It is astonishing that The Miraculous Mandarin’s scenes of urban decay and the pastoral of Evening with the Székelys, the almost brutal dissonances of the First Piano Concerto and the gentleness of Mikrokosmos could come from the pen of one man: Béla Bartók (1881-1945), one of the most celebrated composers of the twentieth century and one of the founding fathers of the discipline of ethnomusicology. Bartók’s contradictions do not end with the eclecticism of his musical style: this composer that many histories of music remember primarily as a “Hungarian nationalist” researched the folk music of Romanians and Slovaks as much as that of Hungarians, and wrote passionately about the “immense variety […] of melodies and melodic types” that had resulted from mixing of peoples.
The goal of this course is for students to become acquainted with Bartók’s musical and (to a lesser extent) scholarly output; to develop analytical skills; and to gain a sensitivity to the historical and cultural context in which he work and in which his music has been understood through the exploration of primary and secondary sources.
Available for purchase at the IMU Bookstore:
Amanda Bayley (ed.) The Cambridge Companion to Bartók (Cambridge University Press, 2001)
Benjamin Suchoff (ed.), Béla Bartók Essays (University of Nebraska Press, 1992)
Peter Laki (ed.), Bartók and His World (Princeton University Press, 1995)
Béla Bartók, Allegro Barbaro and Other Short Works for Solo Piano (Dover, 1998)
The Stage Works of Béla Bartók (Opera Guide) (Calder Publications, 1991)
Halsey Stevens, The Life and Music of Béla Bartók, 3rd ed. (Oxford, 1993)
David E. Schneider, Bartók, Hungary, and the Renewal of Tradition: Case Studies in the Intersection of Modernity and Nationality (University of California Press, 2006)
Concerto for Orchestra (Boosey & Hawkes Masterworks Library, 2004)
Piano Music of Béla Bartók, Series I and Series II (Dover, 1981-1982)
Reading assignments – 40%
In order to facilitate an active discussion, all students must hand in a one-page typed summary with discussion questions for each required reading (marked R) (by the BEGINNING of each class; papers WILL NOT be accepted late!). Bring a second copy to use during class. Think of these summaries as a reading/listening journal: thoughtful engagement with the material is more important than carefully polished prose. Feel free to use visual markers/highlighters (bullets, bold or italics lettering, underline, etc) to mark important items: dates, terminology, significant concepts, and connections to the listening assignment of the day.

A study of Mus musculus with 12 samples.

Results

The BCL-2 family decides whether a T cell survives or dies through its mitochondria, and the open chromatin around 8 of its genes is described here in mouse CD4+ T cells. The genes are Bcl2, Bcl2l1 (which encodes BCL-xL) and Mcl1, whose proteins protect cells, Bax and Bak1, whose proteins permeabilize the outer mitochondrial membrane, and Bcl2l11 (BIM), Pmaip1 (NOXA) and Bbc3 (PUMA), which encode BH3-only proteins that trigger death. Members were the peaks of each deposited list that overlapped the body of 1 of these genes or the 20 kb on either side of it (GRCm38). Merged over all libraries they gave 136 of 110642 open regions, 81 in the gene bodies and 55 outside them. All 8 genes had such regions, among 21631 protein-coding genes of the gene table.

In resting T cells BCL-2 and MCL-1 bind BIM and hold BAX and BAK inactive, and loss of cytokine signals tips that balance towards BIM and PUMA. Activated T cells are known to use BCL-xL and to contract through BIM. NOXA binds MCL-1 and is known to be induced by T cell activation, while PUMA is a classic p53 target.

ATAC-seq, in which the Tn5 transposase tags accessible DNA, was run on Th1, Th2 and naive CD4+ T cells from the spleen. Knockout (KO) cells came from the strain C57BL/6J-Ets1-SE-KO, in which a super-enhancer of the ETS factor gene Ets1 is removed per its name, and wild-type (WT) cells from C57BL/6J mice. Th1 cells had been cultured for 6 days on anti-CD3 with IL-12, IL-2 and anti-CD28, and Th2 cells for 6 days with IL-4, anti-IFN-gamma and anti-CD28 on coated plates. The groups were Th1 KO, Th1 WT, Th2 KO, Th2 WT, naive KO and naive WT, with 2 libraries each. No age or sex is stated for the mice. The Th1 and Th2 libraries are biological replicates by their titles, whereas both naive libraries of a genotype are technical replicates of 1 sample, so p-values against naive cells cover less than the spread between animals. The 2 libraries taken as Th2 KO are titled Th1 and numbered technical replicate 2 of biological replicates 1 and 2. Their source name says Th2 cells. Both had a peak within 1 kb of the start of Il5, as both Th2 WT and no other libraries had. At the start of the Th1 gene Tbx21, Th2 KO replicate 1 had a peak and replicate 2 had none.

You are required to provide your own discussion questions, and invited to include your own responses and critiques of the reading—just make sure that you graphically distinguish your voice from the author’s. At the top of each summary you need the full citation for your source in correct bibliographic format. Note that these assignments are weighted heavily in your final grade and take care in the selection and accuracy of information in your summary.
Undergraduates are required to submit 10 such summaries.
Graduate students are required to submit 15 such summaries.
Assignment #1: biographical critique, due Sept. 20 – 10%
Assignment #2: analytical exploration, due Oct. 23 – 15%
Specifications for these papers:
(for undergraduates) 3-5 pages
(for graduate students) 6-8 pages
(for both) 1-inch margins, Times or Times Roman 12-point font
Assignment #3: source study – 20%
Attendance and Participation – 15%
Everyone is expected to attend and to participate actively in class. Students with more than two unexcused absences may earn no more than a C for their participation grade. If you will not be able to attend for some reason, please tell me in advance.
I reserve the right to administer listening quizzes without warning to ensure that students are doing the listening assignments before class.